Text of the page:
UPDATE: On Tuesday, Aug.17, federal regulators announced the recall of nearly 10 million high powered toy magnets – sold individually and in sets – distributed by Zen Magnets and Neoballs. The Consumer Product Safety Commission cited the danger to children who accidentally swallow them. Read details about the recall here: https://www.cpsc.gov/Recalls/2021/Zen-Magnets-and-Neoballs-Magnets-Recalled-Due-to-Ingestion-Hazard
The x-rays taken of Ed and Tina Scruggs’ daughter look almost fake. You can see the line of 18 magnet balls stuck in her digestive system after their 11-year-old accidentally swallowed them.
“I think she told me she was trying to do a tongue ring,” Ed Scruggs said.
Their daughter is one of thousands of kids who’ve wound up in the hospital after accidentally ingesting rare earth magnet balls. The injuries often require surgery to repair perforated intestines caused when the high-powered magnets clamp together.
The magnets are marketed as stress relieving toys for people over the age of 14. They can be as much as 10 times more powerful than typical magnets. Name brands include Buckyballs and Speks – though there are many kinds available on Amazon.
The Scruggs say they rushed their daughter to the hospital. Doctors hoped she’d pass them naturally. But eventually, the magnets clamped in a circle – pinching her intestinal wall.
Months later, a painful surgery was needed to remove them.
“Knowing what’s happened to children kind of around the world, it’s stunning to me that they’re still on the market,” Scruggs said.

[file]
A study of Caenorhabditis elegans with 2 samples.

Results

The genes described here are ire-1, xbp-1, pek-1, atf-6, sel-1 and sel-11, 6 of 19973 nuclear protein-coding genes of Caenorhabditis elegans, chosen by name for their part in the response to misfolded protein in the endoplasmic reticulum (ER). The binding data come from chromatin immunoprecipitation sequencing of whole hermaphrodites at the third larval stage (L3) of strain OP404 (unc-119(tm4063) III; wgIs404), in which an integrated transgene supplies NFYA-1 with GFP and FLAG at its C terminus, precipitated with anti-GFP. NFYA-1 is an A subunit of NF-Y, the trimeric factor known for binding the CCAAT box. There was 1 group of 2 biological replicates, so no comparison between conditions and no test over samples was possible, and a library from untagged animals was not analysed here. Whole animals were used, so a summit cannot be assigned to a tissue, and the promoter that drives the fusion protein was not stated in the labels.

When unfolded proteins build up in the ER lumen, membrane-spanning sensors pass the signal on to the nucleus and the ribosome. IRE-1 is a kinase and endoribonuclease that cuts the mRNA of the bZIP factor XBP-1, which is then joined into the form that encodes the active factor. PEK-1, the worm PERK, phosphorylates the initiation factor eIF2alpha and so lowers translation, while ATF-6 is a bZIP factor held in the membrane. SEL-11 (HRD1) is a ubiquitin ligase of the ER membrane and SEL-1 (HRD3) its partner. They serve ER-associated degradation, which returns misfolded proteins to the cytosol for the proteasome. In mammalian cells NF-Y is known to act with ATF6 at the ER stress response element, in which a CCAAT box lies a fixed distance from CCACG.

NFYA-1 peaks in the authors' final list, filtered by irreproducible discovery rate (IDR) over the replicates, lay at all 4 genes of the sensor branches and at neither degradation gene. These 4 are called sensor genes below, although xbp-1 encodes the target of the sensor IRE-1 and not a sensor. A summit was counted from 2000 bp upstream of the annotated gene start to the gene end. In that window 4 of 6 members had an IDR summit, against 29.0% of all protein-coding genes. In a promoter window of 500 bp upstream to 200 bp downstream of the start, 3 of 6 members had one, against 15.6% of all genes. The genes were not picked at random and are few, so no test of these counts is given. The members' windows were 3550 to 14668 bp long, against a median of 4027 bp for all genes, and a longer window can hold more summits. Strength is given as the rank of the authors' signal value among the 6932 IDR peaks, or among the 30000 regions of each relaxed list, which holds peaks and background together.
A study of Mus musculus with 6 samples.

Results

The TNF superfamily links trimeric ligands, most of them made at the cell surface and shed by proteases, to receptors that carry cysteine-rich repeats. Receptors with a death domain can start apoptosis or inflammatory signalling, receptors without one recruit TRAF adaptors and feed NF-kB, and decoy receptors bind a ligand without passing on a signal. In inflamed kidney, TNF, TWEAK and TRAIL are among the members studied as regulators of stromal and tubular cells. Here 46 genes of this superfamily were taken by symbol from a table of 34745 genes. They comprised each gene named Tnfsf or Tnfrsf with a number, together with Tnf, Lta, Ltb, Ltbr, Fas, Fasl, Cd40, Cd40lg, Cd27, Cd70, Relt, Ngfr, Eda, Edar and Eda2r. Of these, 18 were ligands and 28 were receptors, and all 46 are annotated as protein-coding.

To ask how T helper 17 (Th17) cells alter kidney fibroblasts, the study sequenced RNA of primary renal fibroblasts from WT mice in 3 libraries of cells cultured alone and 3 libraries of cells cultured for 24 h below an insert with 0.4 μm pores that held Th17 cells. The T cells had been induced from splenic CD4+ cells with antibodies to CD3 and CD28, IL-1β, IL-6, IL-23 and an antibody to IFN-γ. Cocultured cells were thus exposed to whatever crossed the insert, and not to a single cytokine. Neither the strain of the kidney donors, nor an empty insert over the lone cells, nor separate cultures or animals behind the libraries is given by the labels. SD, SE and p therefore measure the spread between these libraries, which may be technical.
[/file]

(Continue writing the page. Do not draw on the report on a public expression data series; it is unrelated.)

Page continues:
Dr. Jeff Louie at the U of M Masonic Children’s Hospital says magnets are one of the most dangerous things a child can swallow.
“It’s an extensive surgery,” Louie said.
So many kids have come into the hospital’s emergency department after ingesting the small brightly colored magnet balls, he says they’ve developed a whole system for treating the injuries.
“They may get separated and as they’re going through the GI – the intestines. One magnet is on the opposite side of the intestines and they click together,” Dr. Louie explained. If they perforate the intestines – or cause a blockage – surgery is often required.
Injuries in adolescents often stem from kids pretending the magnets are lip or tongue rings as the Scruggs’ daughter did.
Because of the severity of injuries, the agency effectively banned the magnet balls in 2012. The number of hospitalized kids dropped dramatically. But when a leading magnet maker sued and won, the ban was overturned in 2016. Almost immediately injuries began rising again.
Doctors are now calling for a new ban. The North American Society for Pediatric Gastroenterology, Hepatology and Nutrition says “There is an urgent need for the CPSC to re-instate a strong safety standard that would effectively ban in the United States the sale of high-powered magnets.”
The CPSC is once again reviewing the issue, considering new rules that would require stronger warning labels and other restrictions on the toys.
In the meantime, with so many on the market, Dr. Louie has this warning: “As a parent myself, I would not let my child play with it.”